A ‘lifeline’ centre for vulnerable people in Sheffield will this Christmas hold a festive carol concert to highlight how much its service users rely on it.
St Wilfrid’s Centre on Queens Road has been running for almost 30 years, and provides food, shelter and support for around 500 people a year.
The concert – at St Marie’s Cathedral on Norfolk Street on Thursday, December 20 – will feature the BeVox community choir as well as staff and service users, who in addition to singing will also read out moving Christmas wishes.
The concert will cap a big year for the centre, which saw its new accommodation block - St Wilfrid’s Place - open just over 12 months ago.
The brainchild of a previous director, it took 10 years to raise the £2million it cost to build it, £100,000 of which came from Secret Millionaire, Simrin Choudhrie.
The 20 self-contained apartments house people with a variety of personal issues including mental health problems and learning disabilities - who can stay there for a total of two years.
One of the first residents was 56-year-old Joyce Cooke, who last Tuesday was playing Connect4 with a member of the centre’s staff.
Before moving into the accommodation, Joyce had been living at the 911 project in Broomhall but had also recently served a number of years in prison for criminal damage by arson.
She said: “It is horrible being on the streets. If this place wasn’t here that is where I would be, doing little petty crimes like shoplifting.
“This place is a lifeline and staff are brilliant. We just have a laugh all the time. I mainly come here for somewhere to go and to make friends. And we know how to throw a party.”
Since she has been living at St Wilfrid’s Place, Joyce has become a regular user of St Wilfrid’s Centre over the road where she takes place in creative writing and arts and crafts, and even took a starring role in a production at the Abbeydale Picture House.
The flats are managed by team leader Mark Wheen from Great Places Housing Group, who operate it on the St Wilfrid’s behalf.
He says the model operates on a ‘strength-based approach’, which concentrates on what the residents are good at supports them doing the things they enjoy.
“Self-esteem is a big issue and often people have a history of failed tenancies,” said Mark.
“We give them two years to build on the skills they already have and then hopefully they can live on their own independently.”
The apartments have a communal space where they run activities and courses on things like renting, teaching people the basic skills they need in order to sustain a tenancy over the long term.
The centre’s first year, according to Mark, has been a ‘learning curve’.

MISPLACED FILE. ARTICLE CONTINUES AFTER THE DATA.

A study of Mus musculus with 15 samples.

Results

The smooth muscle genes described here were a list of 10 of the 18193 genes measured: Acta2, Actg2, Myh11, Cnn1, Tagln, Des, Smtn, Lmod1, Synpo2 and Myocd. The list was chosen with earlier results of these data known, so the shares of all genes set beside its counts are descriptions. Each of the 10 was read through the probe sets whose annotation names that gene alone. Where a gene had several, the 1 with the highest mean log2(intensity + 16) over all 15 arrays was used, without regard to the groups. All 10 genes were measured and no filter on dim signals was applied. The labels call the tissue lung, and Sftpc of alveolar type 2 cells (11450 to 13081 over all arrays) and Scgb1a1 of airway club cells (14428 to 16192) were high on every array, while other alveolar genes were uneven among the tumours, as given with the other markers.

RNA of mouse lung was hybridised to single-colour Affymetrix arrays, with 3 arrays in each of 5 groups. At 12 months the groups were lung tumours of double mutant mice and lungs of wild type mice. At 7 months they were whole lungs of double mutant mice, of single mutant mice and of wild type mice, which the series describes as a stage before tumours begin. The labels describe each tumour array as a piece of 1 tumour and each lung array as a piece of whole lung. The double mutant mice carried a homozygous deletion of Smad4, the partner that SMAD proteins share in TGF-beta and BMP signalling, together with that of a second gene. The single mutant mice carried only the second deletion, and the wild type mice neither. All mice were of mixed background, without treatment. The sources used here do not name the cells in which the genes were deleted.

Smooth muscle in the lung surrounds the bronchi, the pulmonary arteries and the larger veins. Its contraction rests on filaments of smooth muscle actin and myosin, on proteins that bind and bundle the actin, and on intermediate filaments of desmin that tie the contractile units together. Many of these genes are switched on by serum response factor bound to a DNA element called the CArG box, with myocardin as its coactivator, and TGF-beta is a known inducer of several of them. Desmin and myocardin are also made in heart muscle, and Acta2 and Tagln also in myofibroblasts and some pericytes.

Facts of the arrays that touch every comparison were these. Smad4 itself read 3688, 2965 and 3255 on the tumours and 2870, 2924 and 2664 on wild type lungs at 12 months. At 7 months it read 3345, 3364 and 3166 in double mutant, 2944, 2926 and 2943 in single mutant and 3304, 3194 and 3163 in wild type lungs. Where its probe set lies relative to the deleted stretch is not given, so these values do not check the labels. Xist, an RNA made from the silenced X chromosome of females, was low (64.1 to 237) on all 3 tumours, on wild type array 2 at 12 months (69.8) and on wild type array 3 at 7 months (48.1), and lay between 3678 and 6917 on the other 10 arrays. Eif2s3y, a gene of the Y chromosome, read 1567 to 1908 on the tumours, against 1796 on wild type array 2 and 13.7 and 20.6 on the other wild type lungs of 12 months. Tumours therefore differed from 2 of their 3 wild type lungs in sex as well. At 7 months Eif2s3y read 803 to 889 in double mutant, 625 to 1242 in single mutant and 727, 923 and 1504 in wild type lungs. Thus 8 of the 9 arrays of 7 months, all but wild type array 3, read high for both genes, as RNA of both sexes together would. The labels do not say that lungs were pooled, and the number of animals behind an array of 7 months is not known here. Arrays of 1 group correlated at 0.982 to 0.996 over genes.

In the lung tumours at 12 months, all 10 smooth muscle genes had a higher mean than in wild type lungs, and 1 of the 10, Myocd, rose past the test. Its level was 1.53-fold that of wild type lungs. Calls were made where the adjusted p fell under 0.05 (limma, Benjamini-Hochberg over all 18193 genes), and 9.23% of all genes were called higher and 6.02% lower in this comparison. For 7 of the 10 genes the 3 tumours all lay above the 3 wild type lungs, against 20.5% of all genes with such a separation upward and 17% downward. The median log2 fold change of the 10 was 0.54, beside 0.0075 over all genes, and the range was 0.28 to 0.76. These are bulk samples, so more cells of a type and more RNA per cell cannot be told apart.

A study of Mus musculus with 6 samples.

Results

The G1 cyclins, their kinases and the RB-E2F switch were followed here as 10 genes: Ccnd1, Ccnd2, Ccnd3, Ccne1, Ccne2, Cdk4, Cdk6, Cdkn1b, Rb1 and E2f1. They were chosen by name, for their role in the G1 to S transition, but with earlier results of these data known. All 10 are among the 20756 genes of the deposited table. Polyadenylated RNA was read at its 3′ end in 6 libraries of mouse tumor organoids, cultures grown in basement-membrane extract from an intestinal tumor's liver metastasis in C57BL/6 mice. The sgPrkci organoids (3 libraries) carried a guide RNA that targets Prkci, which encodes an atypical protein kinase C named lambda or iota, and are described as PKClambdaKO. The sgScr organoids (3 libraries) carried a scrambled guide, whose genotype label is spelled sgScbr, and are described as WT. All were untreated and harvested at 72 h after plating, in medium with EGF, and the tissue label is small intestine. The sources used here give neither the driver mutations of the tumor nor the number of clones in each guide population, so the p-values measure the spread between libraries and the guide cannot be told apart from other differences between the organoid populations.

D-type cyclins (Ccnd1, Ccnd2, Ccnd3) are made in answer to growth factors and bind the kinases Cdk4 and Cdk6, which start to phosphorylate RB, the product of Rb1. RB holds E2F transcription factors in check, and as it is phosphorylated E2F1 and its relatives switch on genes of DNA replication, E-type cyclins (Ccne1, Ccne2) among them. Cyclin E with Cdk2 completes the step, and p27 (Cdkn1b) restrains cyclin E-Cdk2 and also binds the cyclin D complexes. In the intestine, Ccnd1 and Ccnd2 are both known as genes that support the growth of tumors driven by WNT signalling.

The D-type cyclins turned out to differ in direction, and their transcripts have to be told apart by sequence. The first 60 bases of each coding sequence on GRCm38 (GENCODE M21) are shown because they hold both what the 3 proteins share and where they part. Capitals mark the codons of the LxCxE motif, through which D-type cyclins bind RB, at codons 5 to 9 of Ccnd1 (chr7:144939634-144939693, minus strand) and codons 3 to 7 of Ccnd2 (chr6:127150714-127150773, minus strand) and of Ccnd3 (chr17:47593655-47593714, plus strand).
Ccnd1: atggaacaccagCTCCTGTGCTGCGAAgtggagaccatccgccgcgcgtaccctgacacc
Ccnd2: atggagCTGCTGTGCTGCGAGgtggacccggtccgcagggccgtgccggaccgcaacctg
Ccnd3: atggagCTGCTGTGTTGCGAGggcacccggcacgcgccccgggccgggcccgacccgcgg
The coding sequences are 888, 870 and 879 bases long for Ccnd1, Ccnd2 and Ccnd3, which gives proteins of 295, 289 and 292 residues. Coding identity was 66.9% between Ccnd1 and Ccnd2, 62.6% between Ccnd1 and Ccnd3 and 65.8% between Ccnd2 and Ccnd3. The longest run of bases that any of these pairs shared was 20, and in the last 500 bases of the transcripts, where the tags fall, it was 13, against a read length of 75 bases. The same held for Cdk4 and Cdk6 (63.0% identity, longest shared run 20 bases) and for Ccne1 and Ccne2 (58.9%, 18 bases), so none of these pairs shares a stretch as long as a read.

“You can’t just put 20 people in place together, you have got to think about the makeup of the place,” he says.
“But we’ve found that being out of the city centre may be better - some of the people we have here really struggle in that environment.
“And in other accommodation providers there is a lot of pressure to turn people round quickly whereas here we have a bit more time to do it.”
While St Wilfrid’s Place has recently celebrated its first anniversary, St Wilfrid’s Centre is coming up to its thirtieth.
Housed in a converted Victorian church, they see 40 to 50 clients every single day, some of whom are street homeless but in the main are vulnerable or socially excluded for other reasons, with many travelling to the centre from far and wide.
They open between 10 and 4 every week day and charge for food, offering tea and toast for breakfast and a very popular two-course lunch.
But as well as providing a warm and dry place and good food, St Wilfrid’s also offer a range of 35 different activities that service users are able to pick from.
This includes playing snooker and other games, craft workshops and a discussion group where the only topics of conversation that are off limits are Brexit and football.
Playing dominoes with each other last Tuesday were Andrew Proctor, aged 57 and Done Whitehead, aged 59.
Andrew, from Heeley Green, said the centre - which he has been using for 20 years - helps him socialise with other people and make friends.
Don, from Woodhouse, said St Wilfrid’s was like ‘a big happy family’.
It costs £450,000 to run St Wilfrid’s for a year, a large part of which comes from individual donations, but bosses say nothing would be possible were it not for the unbelievable support of a team of 140 active volunteers.
Newly appointed director, Wayne Hoyle said they hoped soon to expand their offer by opening outside their normal hours, and working more closely with the other city agencies who offer similar services.
“A lot of people drive past and they don’t really know what we do - but there is so much potential with this place,” said Wayne.
“It has done great things since 1991, but we want to do a lot more.”